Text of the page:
Perfect Kisses is a collection of three historical romances of the more earthy variety.
The first story, "School for Scandal," appears at first to be very similar to Georgette Heyer's Devil's Cub, where the sensible older sister tries to rescue the flighty younger sister from the dishonorable attentions of a rake. However, this story has far more of a modern undertone: the rake, Viscount Ormond, persuades Claire, the older sister, to become his mistress in payment for him helping the younger sister, Harriet, to make a good match. Rather unbelievably, Claire agrees almost instantly and throws herself into the sexual relationship with surprising gusto. Ormond has slightly more to him than just the sex-crazed rake, but his history with women is so appalling that I couldn't really like him. I also found it hard to believe that two examples of “love at first sight” happen in this story in the same evening and that marriages results from both within three days.
The author's understanding of the historical period is a little patchy in places, and there are a number of Americanisms that stand out - one example being people having cream in their cup of tea, not milk. The terminology used for body parts and sex is also rather too earthy, using swear words in some cases, even between lovers, and I found that rather unpleasant. In some ways, this feels like a modern story of sexually liberated people being squeezed, and not quite fitting, into the English Regency era. The happy-ever-after is not entirely convincing - I’m not sure this rake is reformed or that there is enough between Ormond and Claire upon which to build a future. This story isn't very romantic – it’s more transactional, and it didn't inspire me to read more by this author.
The second story, "Mischief and the Marquess" by Sylvia Day, follows the meeting after many years of childhood friends. The Marquess of Fontaine had a youthful love for his neighbor, Lady Sophie Milton-Riley, who was a bit of a tearaway, always getting herself into scrapes. She thought the Marquess was a stuffy young man who disapproved of her; she married Lord Langley and had a son, Thomas. After Langley dies, her grandmother and the Marquess's mother conspire to bring the two together again in the hopes that they can rekindle some passion.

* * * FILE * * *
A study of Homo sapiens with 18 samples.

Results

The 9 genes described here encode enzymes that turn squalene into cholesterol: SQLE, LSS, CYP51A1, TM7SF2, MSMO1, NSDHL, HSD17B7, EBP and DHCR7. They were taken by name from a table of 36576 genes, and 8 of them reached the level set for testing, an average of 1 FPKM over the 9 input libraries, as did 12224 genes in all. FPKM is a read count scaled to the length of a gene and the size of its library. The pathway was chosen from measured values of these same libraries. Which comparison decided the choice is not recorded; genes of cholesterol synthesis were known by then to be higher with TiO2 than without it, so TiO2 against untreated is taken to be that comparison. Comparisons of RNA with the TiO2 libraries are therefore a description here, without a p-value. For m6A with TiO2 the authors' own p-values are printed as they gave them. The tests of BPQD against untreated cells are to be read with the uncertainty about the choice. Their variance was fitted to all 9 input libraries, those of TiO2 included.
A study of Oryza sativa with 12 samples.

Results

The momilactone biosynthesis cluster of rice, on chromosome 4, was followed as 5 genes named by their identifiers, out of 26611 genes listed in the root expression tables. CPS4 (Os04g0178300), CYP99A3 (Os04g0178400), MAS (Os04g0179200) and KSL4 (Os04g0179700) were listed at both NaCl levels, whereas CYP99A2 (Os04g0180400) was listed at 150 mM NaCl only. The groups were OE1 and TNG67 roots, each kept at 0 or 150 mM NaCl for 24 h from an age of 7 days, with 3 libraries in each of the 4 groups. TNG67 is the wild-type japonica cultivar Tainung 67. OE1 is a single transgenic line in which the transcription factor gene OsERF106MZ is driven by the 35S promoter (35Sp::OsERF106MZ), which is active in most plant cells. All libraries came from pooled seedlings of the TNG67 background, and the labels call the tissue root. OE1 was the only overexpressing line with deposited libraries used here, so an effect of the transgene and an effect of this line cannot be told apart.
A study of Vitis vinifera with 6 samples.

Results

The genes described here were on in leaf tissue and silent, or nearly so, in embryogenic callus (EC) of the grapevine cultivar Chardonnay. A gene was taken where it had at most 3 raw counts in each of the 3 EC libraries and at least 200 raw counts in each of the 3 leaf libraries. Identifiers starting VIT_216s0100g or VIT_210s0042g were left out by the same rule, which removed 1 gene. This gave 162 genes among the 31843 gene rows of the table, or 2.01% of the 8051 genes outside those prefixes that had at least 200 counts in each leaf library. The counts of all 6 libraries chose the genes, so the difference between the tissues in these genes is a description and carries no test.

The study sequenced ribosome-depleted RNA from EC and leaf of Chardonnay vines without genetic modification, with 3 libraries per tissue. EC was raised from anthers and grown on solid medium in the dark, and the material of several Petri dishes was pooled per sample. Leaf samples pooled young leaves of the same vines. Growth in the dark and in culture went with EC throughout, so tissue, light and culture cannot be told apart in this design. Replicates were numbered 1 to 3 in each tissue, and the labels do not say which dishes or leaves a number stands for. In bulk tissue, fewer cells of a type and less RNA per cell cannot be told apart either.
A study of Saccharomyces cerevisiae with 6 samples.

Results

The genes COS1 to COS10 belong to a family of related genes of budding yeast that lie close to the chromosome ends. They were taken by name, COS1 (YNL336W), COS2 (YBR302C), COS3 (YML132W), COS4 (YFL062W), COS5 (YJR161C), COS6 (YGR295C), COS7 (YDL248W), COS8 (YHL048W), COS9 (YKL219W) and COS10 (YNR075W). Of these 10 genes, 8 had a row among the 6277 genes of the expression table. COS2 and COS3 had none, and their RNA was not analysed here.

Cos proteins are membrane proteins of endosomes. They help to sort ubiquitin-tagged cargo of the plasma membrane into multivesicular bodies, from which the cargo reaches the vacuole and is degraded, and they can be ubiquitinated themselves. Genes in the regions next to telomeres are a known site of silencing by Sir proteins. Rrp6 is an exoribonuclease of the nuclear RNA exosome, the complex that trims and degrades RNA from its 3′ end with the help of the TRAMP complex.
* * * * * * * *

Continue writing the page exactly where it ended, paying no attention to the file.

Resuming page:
There is passion in this story, but the Marquess and Sophie can't have a smooth relationship because she is considered ruined by the world. Apparently this is because she has a bastard child, but I'm not quite sure how Thomas can be classed as a bastard when she was married to his father and, as far as I can gather from the text, they were married before Thomas was born (I think the father died before the child was born, but he was his child). Apparently this means that she isn't a suitable woman for the marquess, but he can't bear to just have her as a mistress so he works to find a way to restore her to society.
The main focus of the story is the relationship between James, the marquess, and Sophie, and it's largely through sex that we learn about it. They seem to have a lot of sex and then, fortunately, all problems slough away. It's not badly written, and I like the way that the differences between the natures of the two people caused misunderstandings when they were younger, but overall the story is a bit thin, Sophie's rehabilitation seems to happen remarkably easily, and I'm not entirely sure of the perceived morality of their behavior. It's a pleasant read, but more focus on the plot and less on the sex might have served it better.
>The third story is "The Ruby Kiss" by Noelle Mack. In it, we meet Susannah Fowler, daughter of a gem trader, whose entire life has been spent in India. Following the death of her father, she returns to Victorian England to find a husband with Carlyle Jameson, her father's friend, as her guardian. She soon discovers that one of her corsets is full of sapphires and rubies and suspects Carlyle of stealing them from the Maharajah. When she discovers someone is watching her, she confronts Carlyle, but things aren't necessarily as they seem. Her quest for freedom in this new life may not be as easy or as desirable as she hopes. There's less sex in this story than the other two and more sensuality, but I found the plot in this story, as in the others, rather too thin to provide proper enjoyment.
Short stories often have disadvantages, and they are apparent in this collection. Characterization is thin on the ground, most of the action appears to happen in the bedroom, and the plots are thin. These stories are enjoyable enough for a light read, but they aren't ultimately very satisfying.